This summer marks five years in our home. We have created quite the oasis in your backyard and every spring I look forward to the bulbs rising, multiplying, and showering our yard with color upon color.
At the end of last summer season, I scored some ornamental perennial onion bulbs and had no clue how they would do in our yard. All I knew is that in magazines, these little ball-like flowers appeared to look like something out of the Lorax movie...and I LOVED IT! Little did I know, these flowers are resilient, easy to grow and add a beautiful dimension to any garden. Photos definitely don't do these beauties justice, they're simply stunning in person.
Allium plants are members of the Allium family; including chives, garlic, leeks, onions, scallion, and shallots. Plants from the Allium family can be distinguished by a long stem and sphere-shaped flower head. Most varieties are grown for consumption prior to flowering however, true Allium bulbs are primarily grown for their flowers.
Allium flowers vary in shades of blue, purple, white and yellow. In the right conditions, they will bloom in early summer and last for about three weeks.
scoring bulbs & planting
With over 700 varieties out there, all in an array of colors and heights, you are bound to find the perfect fit for your yard. When deciding upon which bulbs to grow, consider a few things; the amount of sunlight you have, the height space available, and the surrounding foliage. Although they don't require a lot of space width wise, some varieties can grow up to 4.5 feet tall!
Like most bulbs, Allium does best in the Northwest when planted early to mid-fall. They don't require a lot of sunshine, but if you really want to see them flourish...the more sun, the better! Select a spot with good drainage, as with most bulbs, these will rot if left in marshy soil. Most importantly, locate a place that has an abundance of shelter to protect the top-heavy blooms from the wind. Planting around ornamental grasses or shrubs will do the trick.
A good rule of thumb when digging your spot is to place the bulb down about four times the diameter of the bulb. If you're lacking on yard space, a deep container or pot works just the same.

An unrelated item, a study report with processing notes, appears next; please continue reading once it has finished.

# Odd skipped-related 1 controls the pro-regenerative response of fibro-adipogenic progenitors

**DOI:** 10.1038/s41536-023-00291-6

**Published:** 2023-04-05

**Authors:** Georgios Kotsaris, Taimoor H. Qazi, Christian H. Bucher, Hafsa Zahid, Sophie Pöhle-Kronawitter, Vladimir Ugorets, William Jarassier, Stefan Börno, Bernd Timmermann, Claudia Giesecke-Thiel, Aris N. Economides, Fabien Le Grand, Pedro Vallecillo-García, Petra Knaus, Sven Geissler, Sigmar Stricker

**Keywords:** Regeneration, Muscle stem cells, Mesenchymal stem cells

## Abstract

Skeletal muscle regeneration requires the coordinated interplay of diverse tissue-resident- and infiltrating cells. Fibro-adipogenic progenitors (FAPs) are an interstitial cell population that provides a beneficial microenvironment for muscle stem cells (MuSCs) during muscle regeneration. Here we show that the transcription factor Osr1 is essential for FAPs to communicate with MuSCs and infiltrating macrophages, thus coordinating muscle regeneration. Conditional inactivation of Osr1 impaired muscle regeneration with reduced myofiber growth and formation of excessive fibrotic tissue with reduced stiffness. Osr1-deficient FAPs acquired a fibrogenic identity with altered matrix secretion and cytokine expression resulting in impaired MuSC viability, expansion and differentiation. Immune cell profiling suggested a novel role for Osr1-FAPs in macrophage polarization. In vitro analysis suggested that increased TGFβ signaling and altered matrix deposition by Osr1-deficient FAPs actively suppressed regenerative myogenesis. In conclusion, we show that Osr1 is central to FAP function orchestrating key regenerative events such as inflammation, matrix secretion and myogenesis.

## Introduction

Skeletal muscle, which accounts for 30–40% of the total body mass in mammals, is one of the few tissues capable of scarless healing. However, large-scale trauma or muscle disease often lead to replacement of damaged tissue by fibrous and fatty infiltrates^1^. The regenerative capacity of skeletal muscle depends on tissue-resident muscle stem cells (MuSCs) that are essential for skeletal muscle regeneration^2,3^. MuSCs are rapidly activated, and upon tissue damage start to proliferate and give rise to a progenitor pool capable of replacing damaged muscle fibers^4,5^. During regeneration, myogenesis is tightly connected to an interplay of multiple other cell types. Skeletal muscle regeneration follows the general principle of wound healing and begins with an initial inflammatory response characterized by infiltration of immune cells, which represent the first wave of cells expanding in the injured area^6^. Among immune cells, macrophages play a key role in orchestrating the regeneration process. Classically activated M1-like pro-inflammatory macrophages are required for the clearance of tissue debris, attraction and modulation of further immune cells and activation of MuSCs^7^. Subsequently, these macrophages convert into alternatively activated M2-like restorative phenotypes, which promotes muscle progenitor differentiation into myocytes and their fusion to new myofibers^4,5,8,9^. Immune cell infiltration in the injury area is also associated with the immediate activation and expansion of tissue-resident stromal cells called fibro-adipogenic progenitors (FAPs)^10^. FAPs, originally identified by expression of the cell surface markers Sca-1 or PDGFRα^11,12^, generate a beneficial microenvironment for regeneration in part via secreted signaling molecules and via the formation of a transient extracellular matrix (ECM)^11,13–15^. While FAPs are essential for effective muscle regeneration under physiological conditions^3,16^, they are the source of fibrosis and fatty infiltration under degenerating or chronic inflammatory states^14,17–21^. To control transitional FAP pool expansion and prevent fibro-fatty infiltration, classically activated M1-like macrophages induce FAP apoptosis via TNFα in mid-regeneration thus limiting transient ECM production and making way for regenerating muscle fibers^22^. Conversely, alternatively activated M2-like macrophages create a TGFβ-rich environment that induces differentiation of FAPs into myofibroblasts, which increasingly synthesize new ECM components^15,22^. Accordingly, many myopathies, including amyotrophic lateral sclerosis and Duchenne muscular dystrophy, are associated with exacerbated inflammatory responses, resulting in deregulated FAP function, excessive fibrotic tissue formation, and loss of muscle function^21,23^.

I planted three varieties this year; 'Gladiator', 'Mt.Everest', and 'Drumstick'.
Gladiator is by far my favorite, and it's easy to see why. The blossoms measure 5 inches across and they outgrew my preschooler in height! The blooms lasted just shy of three weeks and even though the purple coloring is gone, the blooms are still strong and beautiful!
Mt.Everest is a close runner up. Similar to the Gladiator, it too is beaming in height and their snow-white blooms demand all the attention in the yard. I haven't cut them yet, but from everything I read, they make great cutting flowers and can even be dried.
The vote is still out on the Drumstick Allium as they won't fully bloom until early July. Most Drumsticks have a two-toned, burgundy-green egg shape at the top and sprout 2-3 feet. I can't wait for them to flower as they remind me of picking Indian Paintbrush in Eastern Oregon as a child.
Once the flowers have faded, you can deadhead the blooms. Leave the foliage in place, though, as the leaves need time to fade naturally, gathering energy into the bulbs for next season’s growth. The leaves may look a little straggly, so it’s a good idea to plant Alliums in a bed with later-blooming flowers. You can easily hide the lifeless looking foliage with ground cover or smaller shrubs.
One huge mistake that I made was that I trimmed back their foliage right after the bulbs finished their bloom. This is a BIG no. Duh!!! It's a bulb!! Just like any other flowering bulb, you should deadhead the blooms once they begin to dry and leave the foliage in place until it becomes wilted. This process is what allows the plant to multiply.
Because I trimmed mine prematurely, I plan to leave them in the ground for the winter. TIP: If you care for your Allium properly and wait for the blooms and foliage to start to frail, you can actually dig and divide as your bulbs will have had a chance to multiply. You should consider dividing your Allium every few years as overtime you may end up with more foliage and fewer blooms. Not a fan of digging your bulbs? No sweat, just cut back the foliage prematurely like I did and you should maintain a similar number of blooms.
My only regret (other than trimming the foliage too early), is that I didn't plant more! They are such a wonderful hybrid between the first spring blossom and those all summer bloomers.